County Questions Rate Hike

Nye County Commissioners will present a letter at the prehearing conference Thursday in response to Utilities Inc. of Central Nevada’s request to adjust its annual revenue requirement for water and sewer service rates for all customers to pay for some community projects.

Commissioner Dan Schinhofen asked to put a letter forward that outlines several conditions including no ratepayer money for design, engineering or construction of the Discovery Park; prior to start-up of the RIBS, detailed analysis of the effluent water; no legal expenses for any litigation with Nye County or Willow Creek Golf Course, Nye County planning applications, negotiations or appeals.

“As a ratepayer, and many of the people in my district are ratepayers, I haven’t heard nobody think this is a good idea,” Schinhofen said at the Tuesday meeting.

The proposed hikes include a 13.14 percent increase for all service classes including residential, commercial and irrigation services and public authority. UICN also suggested an increase of 5.7 percent or $161,302 to its sewer division revenue requirement for a total revenue requirement of $2,991,516.

UICN Regional President Wendy Barnett was present at the meeting but didn’t comment on the decision.

Some of the most expensive projects include the Calvada North pipeline that was priced at $408,523; Willow Creek land stabilization at $597,783; and the Willow Creek property purchase at $383,526. Willow Creek has been renamed Discovery Park.

In a notice of application for authorization filed with the Public Utilities Commission of Nevada on July 8, UICN proposed an increase of approximately 12.34 percent or $390,085 to its water service revenue requirement for a total revenue of $3,551,420.

Tom Oakley, director of public relations for Illinois-based parent company Utilities, Inc., said the projects are thoroughly reviewed by the PUCN for “prudency” — a determination that they are to the benefit of the customers.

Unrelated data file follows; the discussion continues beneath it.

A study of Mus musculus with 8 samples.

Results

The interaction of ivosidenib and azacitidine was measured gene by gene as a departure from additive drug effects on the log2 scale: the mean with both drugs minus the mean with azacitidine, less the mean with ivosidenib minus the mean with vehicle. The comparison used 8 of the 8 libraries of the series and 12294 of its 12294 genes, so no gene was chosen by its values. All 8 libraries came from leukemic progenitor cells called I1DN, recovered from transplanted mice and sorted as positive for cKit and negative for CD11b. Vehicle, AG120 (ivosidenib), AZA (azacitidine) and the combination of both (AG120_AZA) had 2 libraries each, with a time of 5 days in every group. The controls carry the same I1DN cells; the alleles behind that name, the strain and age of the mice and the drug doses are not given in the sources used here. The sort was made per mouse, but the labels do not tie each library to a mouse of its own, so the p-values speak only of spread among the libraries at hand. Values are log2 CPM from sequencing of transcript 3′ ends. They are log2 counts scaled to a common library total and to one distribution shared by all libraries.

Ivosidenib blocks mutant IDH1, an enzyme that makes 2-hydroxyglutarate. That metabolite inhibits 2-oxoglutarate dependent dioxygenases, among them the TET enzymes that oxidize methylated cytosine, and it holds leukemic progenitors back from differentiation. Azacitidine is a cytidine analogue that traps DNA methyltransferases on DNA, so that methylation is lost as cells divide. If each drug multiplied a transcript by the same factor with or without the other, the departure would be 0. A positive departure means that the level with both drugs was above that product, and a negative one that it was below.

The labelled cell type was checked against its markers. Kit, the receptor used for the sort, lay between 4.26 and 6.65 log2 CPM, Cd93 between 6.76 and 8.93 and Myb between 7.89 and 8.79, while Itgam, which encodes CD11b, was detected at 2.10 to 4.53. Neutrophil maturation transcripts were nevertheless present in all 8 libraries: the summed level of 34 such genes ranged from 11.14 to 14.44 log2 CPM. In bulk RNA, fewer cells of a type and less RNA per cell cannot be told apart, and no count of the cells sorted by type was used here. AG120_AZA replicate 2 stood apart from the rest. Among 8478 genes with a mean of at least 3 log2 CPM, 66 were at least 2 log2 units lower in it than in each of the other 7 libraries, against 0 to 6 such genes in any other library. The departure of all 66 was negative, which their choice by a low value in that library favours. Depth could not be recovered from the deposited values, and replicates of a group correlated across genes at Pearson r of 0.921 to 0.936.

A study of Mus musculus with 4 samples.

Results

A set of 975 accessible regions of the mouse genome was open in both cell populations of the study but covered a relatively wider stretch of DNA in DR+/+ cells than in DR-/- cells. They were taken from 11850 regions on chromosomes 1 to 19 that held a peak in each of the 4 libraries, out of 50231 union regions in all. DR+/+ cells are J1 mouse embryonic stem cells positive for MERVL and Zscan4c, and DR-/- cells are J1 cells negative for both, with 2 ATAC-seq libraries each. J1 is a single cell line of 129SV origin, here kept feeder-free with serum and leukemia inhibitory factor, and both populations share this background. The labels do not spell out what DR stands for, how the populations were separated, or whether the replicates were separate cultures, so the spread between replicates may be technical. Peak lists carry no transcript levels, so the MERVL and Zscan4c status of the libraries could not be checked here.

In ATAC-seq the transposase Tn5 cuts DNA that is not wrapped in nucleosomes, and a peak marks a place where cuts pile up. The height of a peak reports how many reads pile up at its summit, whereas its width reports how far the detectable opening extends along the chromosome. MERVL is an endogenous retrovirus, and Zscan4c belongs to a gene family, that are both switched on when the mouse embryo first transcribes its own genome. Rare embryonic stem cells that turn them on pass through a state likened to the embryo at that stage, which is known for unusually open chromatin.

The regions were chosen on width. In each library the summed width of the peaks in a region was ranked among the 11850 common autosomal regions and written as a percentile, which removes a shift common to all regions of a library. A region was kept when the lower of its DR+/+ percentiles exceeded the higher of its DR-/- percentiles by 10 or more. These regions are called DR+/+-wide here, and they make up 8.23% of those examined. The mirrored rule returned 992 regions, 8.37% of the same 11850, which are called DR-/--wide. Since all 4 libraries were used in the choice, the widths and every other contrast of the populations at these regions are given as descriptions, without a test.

· “Again, these are projects that we plan to do when we file the IRP,” Oakley said. “For example, in the First Amendment to the 2011 IRP which we filed in 2013, we went to the PUCN and said, paraphrasing here, ‘We need to do a series of land stabilization projects at Willow Creek to eliminate the hazards identified by the District Court under the prior owner.'”

· The PUCN determined that the land stabilization was crucial to the reliable operation of our wastewater treatment plant, approved the plan and it has been executed using investor funds to pay for the work, Oakley said.

“Although the RIBS have been approved in the IRP process, they are not included in the current rate case because the money hasn’t been spent yet,” Oakley added. “That will be recovered once the work is finished and paid for.”

Tuesday’s board meeting was a last chance for officials to intervene in a proposed increase. Schinhofen said he will present a letter to the Public Utilities Commission during the prehearing conference on Thursday in Carson City that will set dates for a hearing and procedural schedule. The conference will be teleconferenced at 11 a.m. in Las Vegas at PUC offices, 9075 W. Diablo Drive.